Investigation into thev provision of mental health care to patients presenting at the emergency department
Independent report by the Healthcare Safety Investigation Branch
The reference safety event
Diane, a 57-year-old woman with a history of mental health problems, was in the care of the community mental health service. As her mental state fluctuated, she experienced increasing levels of anxiety, self-harmed and expressed thoughts of suicide. Over a two-year period she had received treatment from her GP, the local crisis resolution and home treatment team, the ambulance service and the emergency department of the local district general hospital.
Diane presented four times to the same emergency department following self-harm, receiving different levels of care on each occasion. Her physical health was generally well attended to by the emergency department staff. National guidelines recommend those who have self-harmed should receive a psychosocial assessment from a specialist mental health professional. The liaison mental health service team was located close to the hospital and was commissioned to operate between 08:00hrs and 23:00hrs; Diane was referred for assessment on the first two occasions but not thereafter.
Consequently, the community mental health team was unaware of Diane’s crises when she attended the emergency department following self-harm on the last two occasions.
Six weeks after she had presented to the emergency department for the third time she received a visit from her care co-ordinator.
After this visit Diane reported she had taken an overdose and the next day presented to her GP who advised her to go to the emergency department. However, she did not go there and later that day her carer called 999. Diane arrived at the emergency department by ambulance at 20:19hrs. Following prolonged pressure on services, the emergency department was on ‘black status’ and experiencing its busiest day of the month.
After waiting for almost one hour, Diane was assessed, and her self-harm was recorded. The clinical notes remark that she wanted to go home. Her physical health was attended to; however, no referral was made to the liaison mental health team and Diane left the department sometime in the early hours of the morning. Later that morning she attended her GP practice for a repeat prescription but the GP was reluctant to prescribe, and deferred the decision until later that day.
In the early afternoon, Diane left a note on the railway station platform before lying in the path of an oncoming train. Following treatment at the scene, she was airlifted to a major trauma unit, where she died from her injuries.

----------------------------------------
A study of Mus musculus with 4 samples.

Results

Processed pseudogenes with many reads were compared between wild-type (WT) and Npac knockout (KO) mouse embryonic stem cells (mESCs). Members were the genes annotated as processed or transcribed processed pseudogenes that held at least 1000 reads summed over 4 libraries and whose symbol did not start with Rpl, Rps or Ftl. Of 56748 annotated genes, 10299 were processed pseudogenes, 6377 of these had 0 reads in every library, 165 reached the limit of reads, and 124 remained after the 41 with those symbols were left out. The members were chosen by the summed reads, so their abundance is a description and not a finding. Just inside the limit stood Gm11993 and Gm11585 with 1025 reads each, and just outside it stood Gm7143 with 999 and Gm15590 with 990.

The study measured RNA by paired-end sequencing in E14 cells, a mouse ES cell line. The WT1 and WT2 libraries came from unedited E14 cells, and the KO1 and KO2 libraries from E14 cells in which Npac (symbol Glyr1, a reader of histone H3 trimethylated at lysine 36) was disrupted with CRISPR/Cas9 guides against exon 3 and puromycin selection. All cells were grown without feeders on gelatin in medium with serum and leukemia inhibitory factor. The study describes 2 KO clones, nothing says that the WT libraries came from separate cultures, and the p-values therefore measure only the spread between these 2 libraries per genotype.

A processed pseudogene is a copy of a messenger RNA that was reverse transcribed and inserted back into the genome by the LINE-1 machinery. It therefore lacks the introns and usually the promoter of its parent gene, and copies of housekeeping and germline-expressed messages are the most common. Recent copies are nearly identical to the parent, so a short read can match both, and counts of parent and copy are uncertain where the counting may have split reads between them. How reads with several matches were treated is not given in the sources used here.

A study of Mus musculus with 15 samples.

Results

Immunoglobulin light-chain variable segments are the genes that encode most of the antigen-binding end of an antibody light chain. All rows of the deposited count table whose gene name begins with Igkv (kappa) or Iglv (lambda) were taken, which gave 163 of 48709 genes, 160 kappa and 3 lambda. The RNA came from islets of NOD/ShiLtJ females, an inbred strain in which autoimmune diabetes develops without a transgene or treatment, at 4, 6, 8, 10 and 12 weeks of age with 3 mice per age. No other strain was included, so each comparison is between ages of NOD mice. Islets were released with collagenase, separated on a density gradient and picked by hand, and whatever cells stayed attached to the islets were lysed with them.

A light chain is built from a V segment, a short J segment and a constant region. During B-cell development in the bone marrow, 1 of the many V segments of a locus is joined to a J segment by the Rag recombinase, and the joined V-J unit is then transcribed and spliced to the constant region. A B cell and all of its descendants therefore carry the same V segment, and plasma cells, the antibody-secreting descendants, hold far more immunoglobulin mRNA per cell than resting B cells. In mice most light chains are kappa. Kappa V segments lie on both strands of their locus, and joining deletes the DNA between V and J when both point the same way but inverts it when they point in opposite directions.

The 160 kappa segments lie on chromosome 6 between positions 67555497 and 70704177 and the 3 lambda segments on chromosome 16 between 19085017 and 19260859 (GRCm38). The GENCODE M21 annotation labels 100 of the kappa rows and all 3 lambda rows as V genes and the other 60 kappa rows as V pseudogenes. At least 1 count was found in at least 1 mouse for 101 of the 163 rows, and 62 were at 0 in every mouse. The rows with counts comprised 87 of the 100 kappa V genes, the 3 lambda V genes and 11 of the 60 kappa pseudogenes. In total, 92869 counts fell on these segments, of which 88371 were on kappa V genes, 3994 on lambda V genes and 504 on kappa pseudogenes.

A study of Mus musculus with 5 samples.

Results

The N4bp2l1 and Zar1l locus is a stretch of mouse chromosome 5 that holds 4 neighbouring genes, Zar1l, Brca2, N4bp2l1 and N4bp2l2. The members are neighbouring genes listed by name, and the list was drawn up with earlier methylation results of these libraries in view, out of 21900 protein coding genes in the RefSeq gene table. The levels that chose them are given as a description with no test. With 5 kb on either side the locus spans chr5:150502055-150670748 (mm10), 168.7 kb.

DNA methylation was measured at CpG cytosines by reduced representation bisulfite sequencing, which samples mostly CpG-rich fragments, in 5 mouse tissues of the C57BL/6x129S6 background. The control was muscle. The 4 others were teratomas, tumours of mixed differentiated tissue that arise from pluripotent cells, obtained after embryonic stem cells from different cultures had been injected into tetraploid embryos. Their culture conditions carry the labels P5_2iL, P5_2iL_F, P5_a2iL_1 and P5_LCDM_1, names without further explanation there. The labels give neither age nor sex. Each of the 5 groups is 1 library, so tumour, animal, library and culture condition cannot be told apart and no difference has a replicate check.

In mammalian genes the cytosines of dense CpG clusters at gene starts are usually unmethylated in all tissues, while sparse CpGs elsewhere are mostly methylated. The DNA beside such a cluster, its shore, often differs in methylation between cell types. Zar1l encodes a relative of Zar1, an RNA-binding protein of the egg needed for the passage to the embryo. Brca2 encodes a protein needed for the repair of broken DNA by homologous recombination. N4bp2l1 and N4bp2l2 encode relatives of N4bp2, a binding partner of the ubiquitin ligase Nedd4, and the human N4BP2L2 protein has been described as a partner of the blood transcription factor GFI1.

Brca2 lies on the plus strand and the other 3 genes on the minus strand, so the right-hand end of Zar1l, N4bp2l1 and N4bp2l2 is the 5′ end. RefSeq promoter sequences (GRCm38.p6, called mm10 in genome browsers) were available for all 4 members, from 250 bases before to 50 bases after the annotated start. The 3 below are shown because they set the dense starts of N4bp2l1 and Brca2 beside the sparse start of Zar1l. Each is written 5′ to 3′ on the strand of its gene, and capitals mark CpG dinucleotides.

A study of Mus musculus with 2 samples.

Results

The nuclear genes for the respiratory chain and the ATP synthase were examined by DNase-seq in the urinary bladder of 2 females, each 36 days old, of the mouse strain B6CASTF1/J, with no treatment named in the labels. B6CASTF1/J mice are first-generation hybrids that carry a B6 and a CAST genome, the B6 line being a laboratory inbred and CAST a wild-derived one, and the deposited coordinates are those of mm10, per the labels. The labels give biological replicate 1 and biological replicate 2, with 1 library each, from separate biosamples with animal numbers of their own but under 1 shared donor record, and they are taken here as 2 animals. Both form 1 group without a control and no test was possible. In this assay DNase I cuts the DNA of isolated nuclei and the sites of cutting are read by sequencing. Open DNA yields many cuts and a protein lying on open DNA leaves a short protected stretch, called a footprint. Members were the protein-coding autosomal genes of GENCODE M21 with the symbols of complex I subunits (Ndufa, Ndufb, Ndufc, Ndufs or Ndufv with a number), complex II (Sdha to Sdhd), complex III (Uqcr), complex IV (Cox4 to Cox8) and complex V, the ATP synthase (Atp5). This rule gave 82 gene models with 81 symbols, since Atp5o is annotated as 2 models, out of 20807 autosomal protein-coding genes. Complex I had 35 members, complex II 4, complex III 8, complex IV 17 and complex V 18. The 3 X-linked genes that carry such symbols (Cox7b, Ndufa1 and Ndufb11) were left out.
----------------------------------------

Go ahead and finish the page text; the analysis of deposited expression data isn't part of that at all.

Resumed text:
There is a strong link between self-harm and suicide. Diane’s case highlights the challenge to the healthcare system when treating people experiencing a mental health crisis. Emergency departments treat approximately 220,000 cases of self-harm a year. The Five Year Forward View for Mental Health is attempting to address this situation by increasing the presence of liaison mental health services in acute hospitals.
Following an initial investigation which reviewed Diane’s four presentations to the emergency department, HSIB progressed to a full investigation. As part of its investigation, the HSIB conducted a series of observational studies, interviews and discussions with subject matter experts to establish how risk to mental health is assessed and then managed nationally in the emergency department.
- Diane did not come to direct harm during treatment in the emergency department.
- Diane’s final two presentations at the emergency department represented missed opportunities to intervene and to take measures that may have helped to improve her mental state.
- The provision of liaison mental health services was variable across England and there was no consensus on commissioning models.
- Liaison mental health services had a positive influence on managing the care of patients in the emergency department and were most effective when services had a permanent integrated presence in the emergency department.
- The benefits of liaison mental health services were difficult to quantify in financial terms for commissioners. However, they were broad and stemmed from the integration of mental health professionals in the general hospital and the consequent shift in attitudes towards understanding the complexities of mental health.
- The process for triage and initial assessment completed by emergency department nurses was effective at identifying physical health problems but lacked structure when assessing mental state.
- There was the potential for misunderstanding in the self-harm guidance around interpretation and use of the Australian mental health triage tool.
- The national guidance issued to emergency department staff for the initial assessment of people who have self-harmed lacked coherence between documents and did not consistently describe a detailed process.
- In the absence of clear national guidance on the conduct of initial assessments, emergency departments continued to use locally developed, unvalidated tools of varying standards.